By Bella Butler

My mother, Nancy Butler, owns a local catering business called the Gourmet Gals. Growing up, I never had a dull meal, but it wasn’t always the same for her. She was raised, in part, with three other siblings by a young single mother. My mom remembers eating tuna casserole in dingy apartments with no furniture. But her mom, my grandmother, never failed to incorporate some magical ingredient from the pantry to make each meal taste well beyond the family’s means. My mom embodies this skill, taking ordinary on-hand items and transforming them into culinary treats, more than anyone I know, and I think it’s what’s made her such a great teacher. What she pulls from her oven are masterpieces, but her process is entirely attainable. One of the best examples of this is the charcuterie board. 

Class up your summer camping bites with a charcuterie board. Most ingredients will keep well and can be enjoyed with a gorgeous Montana view (or inside a tent if the weather is bad). PHOTO BY BELLA BUTLER

Charcuterie is a presentation of assorted meats and cheeses. The word has French roots, but the dish has recently popularized in the States. Though the intricate boards often served at wine bars can at first look intimidating, a few simple tricks (and key ingredients) will have you serving charcuterie for at-home date nights, dinner parties or my favorite way to enjoy—a solo night in (I think we’ve all been able to shed the binaries this year. I can, indeed, enjoy a classy meat and cheese board and glass of wine in my pajamas). It’s important to remember that this guidance, borrowed from my mother, is a mere frame. The fun of the charcuterie board is making it your own!

The cheese

For many of us, cheese is the star of the show and should be treated as such. Cheese is a great place to start and to understand one of the key principles of charcuterie—texture. My mom believes three kinds of cheeses are the foundation of any good board: One creamy, like a Camembert or a goat brie; one blue-veined, like a gorgonzola or Stilton; and one aged, like a sharp cheddar or even a Gruyere. You can find a version of these in most grocery stores, but Montana is also home to five spectacular fromagers, or cheesemakers, that produce a variety of specialties and are worth a visit for sampling, tours and a little cheese education.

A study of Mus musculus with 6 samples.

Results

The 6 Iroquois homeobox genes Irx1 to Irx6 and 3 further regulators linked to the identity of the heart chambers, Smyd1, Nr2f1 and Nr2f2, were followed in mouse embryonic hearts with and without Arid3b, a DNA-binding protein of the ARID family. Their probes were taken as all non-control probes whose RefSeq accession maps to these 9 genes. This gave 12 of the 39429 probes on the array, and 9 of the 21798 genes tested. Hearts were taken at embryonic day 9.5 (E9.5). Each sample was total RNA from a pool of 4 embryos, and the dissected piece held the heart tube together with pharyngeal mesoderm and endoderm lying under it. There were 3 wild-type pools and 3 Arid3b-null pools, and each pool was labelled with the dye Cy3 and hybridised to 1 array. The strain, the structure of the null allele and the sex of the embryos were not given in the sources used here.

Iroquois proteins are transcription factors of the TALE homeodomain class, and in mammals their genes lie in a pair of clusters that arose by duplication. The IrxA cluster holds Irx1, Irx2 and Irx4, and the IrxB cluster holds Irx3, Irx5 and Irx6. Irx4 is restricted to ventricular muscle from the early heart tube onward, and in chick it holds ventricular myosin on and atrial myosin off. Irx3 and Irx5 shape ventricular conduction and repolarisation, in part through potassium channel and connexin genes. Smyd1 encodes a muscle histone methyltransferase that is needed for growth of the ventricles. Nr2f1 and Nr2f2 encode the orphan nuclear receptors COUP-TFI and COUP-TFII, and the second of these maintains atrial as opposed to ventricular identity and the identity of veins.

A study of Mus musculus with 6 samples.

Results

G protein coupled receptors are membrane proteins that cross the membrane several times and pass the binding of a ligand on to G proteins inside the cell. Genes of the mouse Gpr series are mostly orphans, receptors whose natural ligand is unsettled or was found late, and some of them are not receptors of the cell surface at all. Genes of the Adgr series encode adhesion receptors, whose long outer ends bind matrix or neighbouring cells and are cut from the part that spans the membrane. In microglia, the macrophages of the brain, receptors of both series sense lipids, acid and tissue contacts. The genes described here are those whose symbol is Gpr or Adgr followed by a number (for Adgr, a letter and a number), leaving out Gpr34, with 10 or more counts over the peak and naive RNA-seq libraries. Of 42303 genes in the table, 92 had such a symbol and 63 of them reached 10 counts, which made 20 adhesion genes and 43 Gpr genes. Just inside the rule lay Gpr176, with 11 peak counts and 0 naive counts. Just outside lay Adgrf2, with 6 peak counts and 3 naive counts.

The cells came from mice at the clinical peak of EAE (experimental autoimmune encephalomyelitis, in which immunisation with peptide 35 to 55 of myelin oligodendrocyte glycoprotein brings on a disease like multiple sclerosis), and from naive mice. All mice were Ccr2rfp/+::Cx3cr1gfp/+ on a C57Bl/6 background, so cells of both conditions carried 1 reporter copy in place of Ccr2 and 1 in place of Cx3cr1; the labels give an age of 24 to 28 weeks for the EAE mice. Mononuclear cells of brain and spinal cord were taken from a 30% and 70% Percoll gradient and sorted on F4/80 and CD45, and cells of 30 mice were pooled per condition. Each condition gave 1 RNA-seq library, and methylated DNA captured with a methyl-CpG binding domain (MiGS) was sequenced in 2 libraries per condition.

The meat

If you prefer a simple cheeseboard, meats are not necessary but can be a rich addition. Farmers markets are a great way to find local artisanal meats and support neighbor operations. You also get the unique benefit of meeting an expert. In my experience, these vendors are more than happy to discuss their product and oftentimes will offer advice on how to pair your meats with other board accompaniments. My mom loves the duck prosciutto from Grotto meats in Bozeman. If you’re on a budget, a packet of salami or other aged meats will do just fine. 

The extras

This is where that magical improvisation comes in. My mom and I often dig into the dark corners of the pantry and refrigerator to find things like pickles, dips, fruits and other small pieces to bring texture and color to the board. My most recent creation featured curry pickled carrots and olives and grapes. My mom is a big fan of adding honeycomb and sometimes travels to Livingston to purchase a chunk of the delicacy from a schoolteacher who raises bees and chickens with French names. I go to the grocery store. While not essential, I always like to include a delivery method like crackers. Try options that are fun but not overwhelming, like the Raincoast Crisps sold at most stores. 

The layout

If you have a good artist’s eye, stop here—you’ll do just fine. For the rest of us, this can be where we flail. You now have a collection of diverse items. How do you present them? Play with it a little—not a lot, nobody wants your hands all over their food. If you have a nice wooden board, that will enhance the overall aesthetic, but any on-hand cutting board will do. I start with the cheese, placing them in different corners of the board. From there, fill in empty spaces with meat. If you have a salami log, don’t place in the center where it will be difficult to cut. Use that space for something like a hummus or bowl of pickles that can easily be grabbed. I like to cut a slice or two of salami so the inside shows. To finish it off, lay out the extras on empty surfaces, separating them so that something like a cashew could be picked up from either end of the board. Crackers are great for lining pathways between ingredients. 

The wine

The magic of the charcuterie is not the individual items but the way they come together. To elevate this marriage, bring wine into the party. If you’re buying from a wine shop or even a grocery store, you can often seek advice from attendants to help pair with your board.